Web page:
Streaming: the ominous word looming over the gaming industry in 2018. As a new era of Netflix-style games-as-services make their way to the forefront, we’re all still undecided on whether it’s a good or bad thing. Will game-streaming’s ease of access make a frequent gamer’s life easier? Or will streaming mark the end of video game-ownership as we know it, putting ease of access into the corporate office’s hands? No one can say for sure, but whether you like the idea of streaming or not, it’s coming, and it’s seeming as if Google might be leading the way.

Google game streaming

According to a report initially lead by Kotaku, Google is planning on getting into the gaming industry with a slam-bang opening. Apparently, the massive tech corporation has a video game console in the works, codenamed the “Yeti”, and it will feature a streaming service similar to Nvidia’s GeForce Now. Now while the console itself wouldn’t necessarily be the most powerful thing in the world, it wouldn’t need to be, since the device would be offloading the heavy-lifting of processing to an online server. Theoretically, this console would be quite a bit cheaper than most others since it wouldn’t need as much power as an Xbox One or PS4 to operate. Plus, you wouldn’t ever have to purchase games on Google’s new console – like Xbox GamePass, you would pay a flat monthly or yearly fee and have access to all the games you’d want. Clever, right?

But there are some major limitations to this seemingly perfect system. For one, there’s internet speed – the fluency of whatever game you may be playing on your Google Yeti would entirely depend on the MBPS of your WiFi router. If you use a lower-end internet provider, or live out in the middle of nowhere, the Yeti isn’t going to do much for you. If your game is laggy, frame-capped, down-ressed and input-lagged, you aren’t going to have too much fun playing it.

Another issue people are quick to point out is the lack of ownership that comes with a subscription. None of the games you’d be playing would either belong to you, as with a physical disc or cartridge, nor would they be licensed to you, as with a digital download. Essentially, you would be paying a flat fee for access to a library that is out of your ownership. Not only that, but any of the library could be taken down at any point to make room for new games. So if you were really far into Rise of the Tomb Raider and Google kicked it off of the service to make room for Shadow of the Tomb Raider, too bad! That’s what you’d be paying for.

PS Now

While the Yeti certainly wouldn’t have the first online gaming subscription service, it would be the first console to launch with it built-in. At the time of writing, Sony’s PlayStation Now and Nvidia’s GeForce Now are the two most popular gaming streaming services, but they mainly serve as supplements or accessories for less-powerful PC’s. If you want to buy the game outright, both services of course offer that option. But with the Google Yeti, streaming would be the only option – you simply wouldn’t be able to purchase these games outright at all. It would be a radical step on Google’s part, but very forward thinking.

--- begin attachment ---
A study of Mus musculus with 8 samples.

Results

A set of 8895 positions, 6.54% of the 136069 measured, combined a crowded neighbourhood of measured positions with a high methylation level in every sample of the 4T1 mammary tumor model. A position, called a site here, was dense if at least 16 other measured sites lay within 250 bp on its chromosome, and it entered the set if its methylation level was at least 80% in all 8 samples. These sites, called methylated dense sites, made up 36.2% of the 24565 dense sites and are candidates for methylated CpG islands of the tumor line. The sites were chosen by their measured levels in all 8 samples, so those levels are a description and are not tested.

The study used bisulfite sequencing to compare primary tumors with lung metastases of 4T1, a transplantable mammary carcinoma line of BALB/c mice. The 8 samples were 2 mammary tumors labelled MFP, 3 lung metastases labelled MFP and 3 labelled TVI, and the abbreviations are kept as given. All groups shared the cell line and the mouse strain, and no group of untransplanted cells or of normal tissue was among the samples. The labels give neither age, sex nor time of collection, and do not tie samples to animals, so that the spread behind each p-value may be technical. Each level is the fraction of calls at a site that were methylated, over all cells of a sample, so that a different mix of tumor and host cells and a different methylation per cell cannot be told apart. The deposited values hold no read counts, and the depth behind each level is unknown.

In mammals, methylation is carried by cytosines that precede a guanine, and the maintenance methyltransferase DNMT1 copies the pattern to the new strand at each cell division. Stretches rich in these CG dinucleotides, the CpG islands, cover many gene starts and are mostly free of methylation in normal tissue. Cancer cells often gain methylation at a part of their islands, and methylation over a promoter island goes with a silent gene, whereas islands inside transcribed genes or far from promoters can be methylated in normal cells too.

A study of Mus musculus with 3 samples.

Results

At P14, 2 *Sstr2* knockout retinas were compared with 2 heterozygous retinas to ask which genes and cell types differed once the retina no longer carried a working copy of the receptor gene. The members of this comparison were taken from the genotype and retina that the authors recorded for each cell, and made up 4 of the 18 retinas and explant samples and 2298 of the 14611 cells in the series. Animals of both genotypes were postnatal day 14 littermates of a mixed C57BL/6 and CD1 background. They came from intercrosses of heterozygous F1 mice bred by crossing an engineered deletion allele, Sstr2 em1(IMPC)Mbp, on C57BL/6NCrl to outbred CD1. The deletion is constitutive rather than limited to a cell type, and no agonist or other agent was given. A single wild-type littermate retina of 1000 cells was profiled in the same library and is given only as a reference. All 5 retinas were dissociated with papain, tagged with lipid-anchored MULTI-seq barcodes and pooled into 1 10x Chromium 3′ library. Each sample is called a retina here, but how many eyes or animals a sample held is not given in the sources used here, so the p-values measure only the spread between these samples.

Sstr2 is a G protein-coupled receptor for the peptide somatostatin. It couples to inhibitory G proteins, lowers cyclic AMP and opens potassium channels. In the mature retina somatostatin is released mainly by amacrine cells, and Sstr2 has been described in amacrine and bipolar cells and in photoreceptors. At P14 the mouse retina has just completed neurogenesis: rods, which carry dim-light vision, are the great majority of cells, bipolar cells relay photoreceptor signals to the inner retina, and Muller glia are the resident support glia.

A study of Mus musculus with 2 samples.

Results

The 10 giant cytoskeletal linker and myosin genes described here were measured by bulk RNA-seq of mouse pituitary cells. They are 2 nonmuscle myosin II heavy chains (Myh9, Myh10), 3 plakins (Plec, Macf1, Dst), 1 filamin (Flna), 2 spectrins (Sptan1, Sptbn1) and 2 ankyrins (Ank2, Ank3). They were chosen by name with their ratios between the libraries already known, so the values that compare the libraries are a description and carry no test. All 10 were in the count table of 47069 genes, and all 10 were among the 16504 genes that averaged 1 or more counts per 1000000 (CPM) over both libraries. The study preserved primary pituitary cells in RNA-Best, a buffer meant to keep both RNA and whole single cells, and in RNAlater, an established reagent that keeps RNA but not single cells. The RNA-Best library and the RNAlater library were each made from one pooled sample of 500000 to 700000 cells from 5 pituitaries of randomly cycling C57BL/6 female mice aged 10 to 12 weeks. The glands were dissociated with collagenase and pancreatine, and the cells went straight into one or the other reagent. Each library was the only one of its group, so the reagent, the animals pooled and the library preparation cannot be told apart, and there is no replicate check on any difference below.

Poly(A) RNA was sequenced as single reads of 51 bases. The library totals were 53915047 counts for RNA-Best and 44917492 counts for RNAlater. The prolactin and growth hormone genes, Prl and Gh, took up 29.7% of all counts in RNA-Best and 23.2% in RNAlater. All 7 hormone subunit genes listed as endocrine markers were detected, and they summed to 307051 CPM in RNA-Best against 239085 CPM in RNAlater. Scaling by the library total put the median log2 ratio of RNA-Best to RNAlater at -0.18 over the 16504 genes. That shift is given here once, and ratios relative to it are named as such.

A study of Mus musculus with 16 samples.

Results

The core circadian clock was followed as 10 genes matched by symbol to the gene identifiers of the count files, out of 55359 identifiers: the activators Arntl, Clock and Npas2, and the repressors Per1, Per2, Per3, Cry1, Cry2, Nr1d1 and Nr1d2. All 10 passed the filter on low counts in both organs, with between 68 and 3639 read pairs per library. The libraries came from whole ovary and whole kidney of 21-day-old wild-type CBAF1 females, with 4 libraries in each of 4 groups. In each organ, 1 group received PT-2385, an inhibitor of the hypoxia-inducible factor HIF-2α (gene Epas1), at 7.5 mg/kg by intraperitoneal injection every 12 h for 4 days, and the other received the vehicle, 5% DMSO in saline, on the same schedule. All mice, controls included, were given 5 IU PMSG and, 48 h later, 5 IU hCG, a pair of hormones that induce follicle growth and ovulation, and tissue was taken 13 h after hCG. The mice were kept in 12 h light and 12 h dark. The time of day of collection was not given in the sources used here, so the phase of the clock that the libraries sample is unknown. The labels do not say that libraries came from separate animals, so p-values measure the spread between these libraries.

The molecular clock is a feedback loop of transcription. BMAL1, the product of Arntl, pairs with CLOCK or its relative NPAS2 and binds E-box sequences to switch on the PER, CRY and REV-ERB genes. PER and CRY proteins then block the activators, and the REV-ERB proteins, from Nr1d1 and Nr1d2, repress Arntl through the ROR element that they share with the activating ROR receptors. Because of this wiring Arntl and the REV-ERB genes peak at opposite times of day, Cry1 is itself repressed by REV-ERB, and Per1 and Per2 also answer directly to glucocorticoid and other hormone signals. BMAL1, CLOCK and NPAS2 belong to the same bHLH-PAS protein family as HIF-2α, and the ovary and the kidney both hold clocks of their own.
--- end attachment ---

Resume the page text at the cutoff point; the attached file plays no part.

Streaming is taking over the entertainment industry – some would say it already has. Think about it: when was the last time you rented a movie from Redbox, or bought a Blu-ray outright? Heck, do you even own a Blu-ray player anymore? When was the last time you bought an album on iTunes, or bought a CD track at Walmart? Been a little while, hasn’t it? The way things are going, streaming subscriptions like Netflix, Hulu, Spotify, and Apple Music have practically replaced traditional music and film sales.

Nobody wants to buy content outright anymore – except when it comes to video games. Steam is a massive force in gaming that has never offered any sort of subscription service, and it’s still going strong. The PlayStation, Microsoft, and Nintendo stores bring in millions of sales per month. Video game sales have proven that people are still willing to pay outright for their content – will the Google Yeti change that?

One thing’s for sure, if the Yeti is real (and it’s seeming like it will be), Google isn’t screwing around with it. Over the past few months, the astronomical tech corporation has hired multiple developers from EA and PlayStation, as well as snatching up former top Xbox and PlayStation manager Phil Harrison. If Google’s looking to overturn the gaming market, they’re sure hiring the right people to do it.

It’s a weird, subscription-based future of gaming we’re looking at – let’s hope it doesn’t end in disaster.